Mr. Romney's failures to communicate are common among businessmen and other normal people who have the right instincts but haven't spent their lives thinking about politics. He also recently ran into trouble when he said he liked firing people, when he was really talking about the discipline of market competition.Mitt Romney is not a stupid man, but he's not a conservative thinker. Neither were either of the Bush presidents. Romney might be capable of absorbing such tutoring and be able to mouth conservative principles for the purposes of the campaign, but those aren't his instincts or, probably, the foundation for his approach to public policy. He has an understanding when it comes to economic policy, but not when such policies touch on the cultural results of such policies. Thus, he can demonstrate his understanding of such principles when it comes to economic policy as when he talked about liking to fire people when he meant the strengths that come from a competitive marketplace or the blessings of entrepreneurs willing to take risks. But he doesn't have an instinct of why government policies have been counter-productive for those very poor that Mitt Romney isn't worried about. He can't make that connection. Businessmen usually don't have to think about such unintended cultural consequences.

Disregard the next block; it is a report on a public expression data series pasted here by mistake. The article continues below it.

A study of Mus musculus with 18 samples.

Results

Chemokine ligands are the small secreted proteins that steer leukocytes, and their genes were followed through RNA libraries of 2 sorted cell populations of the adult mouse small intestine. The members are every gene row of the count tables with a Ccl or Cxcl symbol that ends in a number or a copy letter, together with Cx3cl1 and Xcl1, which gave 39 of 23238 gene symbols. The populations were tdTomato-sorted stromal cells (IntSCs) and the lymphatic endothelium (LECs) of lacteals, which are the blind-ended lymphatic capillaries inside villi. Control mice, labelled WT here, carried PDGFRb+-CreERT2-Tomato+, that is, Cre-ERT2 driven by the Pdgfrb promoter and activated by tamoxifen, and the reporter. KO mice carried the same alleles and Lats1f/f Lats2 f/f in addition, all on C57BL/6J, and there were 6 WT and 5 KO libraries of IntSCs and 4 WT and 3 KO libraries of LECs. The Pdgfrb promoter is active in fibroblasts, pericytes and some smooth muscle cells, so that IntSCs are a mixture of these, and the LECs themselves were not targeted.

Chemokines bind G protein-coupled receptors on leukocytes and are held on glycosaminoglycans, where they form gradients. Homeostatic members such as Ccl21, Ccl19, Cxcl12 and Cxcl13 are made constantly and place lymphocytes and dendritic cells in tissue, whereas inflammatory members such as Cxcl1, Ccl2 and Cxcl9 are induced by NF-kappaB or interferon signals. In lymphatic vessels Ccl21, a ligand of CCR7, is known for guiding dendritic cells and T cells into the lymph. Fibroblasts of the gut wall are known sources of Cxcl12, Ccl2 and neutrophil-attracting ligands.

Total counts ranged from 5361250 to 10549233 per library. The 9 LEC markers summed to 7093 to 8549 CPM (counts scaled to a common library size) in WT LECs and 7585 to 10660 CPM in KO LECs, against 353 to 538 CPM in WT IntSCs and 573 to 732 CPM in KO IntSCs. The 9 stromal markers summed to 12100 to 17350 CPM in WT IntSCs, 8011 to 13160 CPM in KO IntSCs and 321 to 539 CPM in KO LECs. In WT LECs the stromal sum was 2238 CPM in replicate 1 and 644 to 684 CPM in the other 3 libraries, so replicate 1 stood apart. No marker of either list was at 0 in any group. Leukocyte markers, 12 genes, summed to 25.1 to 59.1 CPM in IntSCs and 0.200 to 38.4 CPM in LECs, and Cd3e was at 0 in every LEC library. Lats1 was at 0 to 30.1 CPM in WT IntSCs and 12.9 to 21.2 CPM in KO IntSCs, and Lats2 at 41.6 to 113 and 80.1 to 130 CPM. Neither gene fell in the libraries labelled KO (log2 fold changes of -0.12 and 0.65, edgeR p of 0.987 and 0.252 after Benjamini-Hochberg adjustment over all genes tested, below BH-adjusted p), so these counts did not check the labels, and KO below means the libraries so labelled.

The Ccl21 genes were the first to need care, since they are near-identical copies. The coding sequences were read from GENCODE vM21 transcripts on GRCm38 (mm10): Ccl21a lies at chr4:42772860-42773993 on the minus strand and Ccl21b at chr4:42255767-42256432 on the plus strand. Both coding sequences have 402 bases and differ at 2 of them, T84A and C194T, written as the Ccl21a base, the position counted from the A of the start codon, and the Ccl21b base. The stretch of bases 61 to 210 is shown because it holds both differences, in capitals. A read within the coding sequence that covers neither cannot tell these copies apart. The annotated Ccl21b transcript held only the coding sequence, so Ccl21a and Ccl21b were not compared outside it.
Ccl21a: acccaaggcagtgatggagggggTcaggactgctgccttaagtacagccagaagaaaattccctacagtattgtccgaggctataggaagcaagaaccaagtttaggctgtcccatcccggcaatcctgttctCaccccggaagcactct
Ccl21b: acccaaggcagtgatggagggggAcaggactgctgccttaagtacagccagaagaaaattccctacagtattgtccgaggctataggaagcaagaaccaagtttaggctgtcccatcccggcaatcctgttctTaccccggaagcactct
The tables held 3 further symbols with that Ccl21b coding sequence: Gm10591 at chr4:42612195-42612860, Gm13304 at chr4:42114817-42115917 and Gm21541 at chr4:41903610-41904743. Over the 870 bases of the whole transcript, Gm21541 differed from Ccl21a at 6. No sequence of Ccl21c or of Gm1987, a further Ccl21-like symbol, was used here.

Still, his business now is politics, and as the Republican front-runner he has an obligation to explain how conservative principles and policies can address America's current problems. We'll be happy to translate for him in these columns, but it would be less politically painful if Mr. Romney sat down for a week-long tutorial with, say, Paul Ryan, Mitch Daniels, Jeb Bush and others who can help him avoid such obvious liberal traps.
He can sit down for that recommended tutoring session, but I suspect that he'll never be an eloquent spokesmen for conservative principles.
The presidential ambitions of Mitt Romney's father collapsed with one unfortunate phrase about having been brainwashed by Johnson's aides on Vietnam. Mitt Romney is, supposedly, very aware of that history and afraid of making a similar error. It's ironic that one inept remark could sink a politician in the pre-internet days and now Mitt Romney seems to be on the road to the nomination despite making several such inept comments. It's not surprising that Romney would be caught up by his poor phrasing in answering a question. These guys are campaigning non-stop and probably getting by with minimal sleep in a different hotel room every night. They're tired. They'll make mistakes. No amount of tutoring is going to eliminate that problem. Barack Obama can make such errors every single day, but it will never have the effect one remark by a Republican will have. That's the playing field we're on.